Jets and Passageways
From OpenContent Curriculum
A word about these carburetors: They aren't as complicated as they may appear. The carburetors are made so that their external adjustments may be accessed from either the left or the right side; (not both on the same example.) Because of this they have certain features which are cast into both sides, but completed only on one side. This includes provisions for the idle screw, pilot air screw, slide indexing pin, passageways, etc. Don't be fooled or confused by this. Some of the holes are empty dead ends. Further, brass plugs cap the ends of passageways that were drilled after the casting was made. Sometimes more than one passageway hole is drilled in order to complete a passageway which makes one or more turns. These plugs are not a maintenance item and should not be disturbed. The only way to access or clean the passages is by using compressed air or aerosols.
The Carb Throat
This is a view through the carburetor throat, looking from the engine side of things - outward. The flange of the needle jet is visible in the lower section of the throat. To the left, the rounded nose of the idle screw screw is visible.
The air intake side of the carburetor throat; air intake ports can be found in three of the holes.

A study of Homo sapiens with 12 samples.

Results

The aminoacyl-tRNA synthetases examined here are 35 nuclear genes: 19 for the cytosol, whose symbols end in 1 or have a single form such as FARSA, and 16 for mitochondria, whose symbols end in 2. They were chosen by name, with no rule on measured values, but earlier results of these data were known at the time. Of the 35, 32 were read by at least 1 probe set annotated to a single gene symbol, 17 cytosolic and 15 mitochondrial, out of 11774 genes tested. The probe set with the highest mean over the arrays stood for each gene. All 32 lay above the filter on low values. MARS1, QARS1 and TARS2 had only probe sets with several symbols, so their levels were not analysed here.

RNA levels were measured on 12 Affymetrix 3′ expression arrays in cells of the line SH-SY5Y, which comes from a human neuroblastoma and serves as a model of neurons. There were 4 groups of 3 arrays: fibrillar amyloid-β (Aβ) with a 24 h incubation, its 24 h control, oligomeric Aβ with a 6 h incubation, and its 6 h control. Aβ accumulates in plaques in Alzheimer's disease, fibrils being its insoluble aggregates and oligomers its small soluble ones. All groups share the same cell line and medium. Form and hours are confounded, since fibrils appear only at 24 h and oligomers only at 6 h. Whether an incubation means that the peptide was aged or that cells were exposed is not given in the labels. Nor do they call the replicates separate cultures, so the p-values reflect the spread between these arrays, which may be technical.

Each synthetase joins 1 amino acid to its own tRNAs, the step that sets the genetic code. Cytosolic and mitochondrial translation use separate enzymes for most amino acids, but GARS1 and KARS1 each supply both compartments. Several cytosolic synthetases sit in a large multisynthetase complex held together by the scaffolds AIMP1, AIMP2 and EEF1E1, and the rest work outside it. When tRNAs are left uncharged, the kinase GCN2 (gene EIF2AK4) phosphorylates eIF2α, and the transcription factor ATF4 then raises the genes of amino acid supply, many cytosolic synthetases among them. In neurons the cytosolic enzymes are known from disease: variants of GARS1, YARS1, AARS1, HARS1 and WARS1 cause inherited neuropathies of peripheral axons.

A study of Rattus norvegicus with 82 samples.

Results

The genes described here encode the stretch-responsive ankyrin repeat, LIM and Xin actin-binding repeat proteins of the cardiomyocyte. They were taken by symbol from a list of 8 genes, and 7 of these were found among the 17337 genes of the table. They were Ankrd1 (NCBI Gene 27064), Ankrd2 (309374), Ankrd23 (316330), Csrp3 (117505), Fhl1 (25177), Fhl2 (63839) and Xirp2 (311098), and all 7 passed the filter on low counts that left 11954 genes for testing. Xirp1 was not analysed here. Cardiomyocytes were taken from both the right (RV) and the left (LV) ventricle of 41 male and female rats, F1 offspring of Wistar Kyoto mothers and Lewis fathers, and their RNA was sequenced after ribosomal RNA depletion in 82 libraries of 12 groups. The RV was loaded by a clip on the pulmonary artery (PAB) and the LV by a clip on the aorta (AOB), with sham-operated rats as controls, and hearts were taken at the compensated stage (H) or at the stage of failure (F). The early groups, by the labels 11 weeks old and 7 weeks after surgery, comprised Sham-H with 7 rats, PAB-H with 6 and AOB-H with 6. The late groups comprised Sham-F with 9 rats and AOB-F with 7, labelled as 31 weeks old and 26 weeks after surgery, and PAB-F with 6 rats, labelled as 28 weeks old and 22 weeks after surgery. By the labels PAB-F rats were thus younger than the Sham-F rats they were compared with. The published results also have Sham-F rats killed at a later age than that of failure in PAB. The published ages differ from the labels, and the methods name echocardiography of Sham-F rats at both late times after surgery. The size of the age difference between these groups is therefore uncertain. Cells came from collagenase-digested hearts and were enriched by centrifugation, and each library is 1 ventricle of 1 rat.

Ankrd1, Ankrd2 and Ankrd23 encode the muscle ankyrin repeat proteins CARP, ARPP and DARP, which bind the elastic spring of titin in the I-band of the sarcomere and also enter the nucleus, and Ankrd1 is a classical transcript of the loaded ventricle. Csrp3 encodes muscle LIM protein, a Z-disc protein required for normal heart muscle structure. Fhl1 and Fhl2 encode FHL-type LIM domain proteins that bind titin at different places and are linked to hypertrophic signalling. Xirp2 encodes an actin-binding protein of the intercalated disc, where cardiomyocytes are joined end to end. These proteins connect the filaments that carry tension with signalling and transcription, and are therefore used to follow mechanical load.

- The lower center hole feeds the needle jet.
- The ports to the left and right and slightly above it are feed holes for the air screw. On this carb the air screw is on the right, so the lefthand hole was cast but not drilled out.
The two smaller ports next to the needle jet port exist in order to drill passageways. The right-hand one was drilled as a passageway for the air pilot screw and then capped with the brass plug.
- On the righthand side, slightly above the three-o'clock position, the hole feeds the fuel enriching starting circuit.
The air ports and passageways must be open. Remove the screws, jets or other parts to inspect and clean them properly. Shine a light into them for inspection. Use compressed air to clear them. (Protect your eyes.) The images below give some idea of what you will see.
Inspecting the Air Intake Ports
The needle jet port can be viewed (from either direction) when the needle jet is removed.
By removing the air screw (and spring), and shining a light into the hole, the port can be viewed. (The passageway makes a 90º turn past the screw and follows a smaller passageway drilled into the carb body.)
With the enrichment -often erroneously called the "choke"- plunger removed, a light can be shined into the plunger seat area. Light should be visible in the port.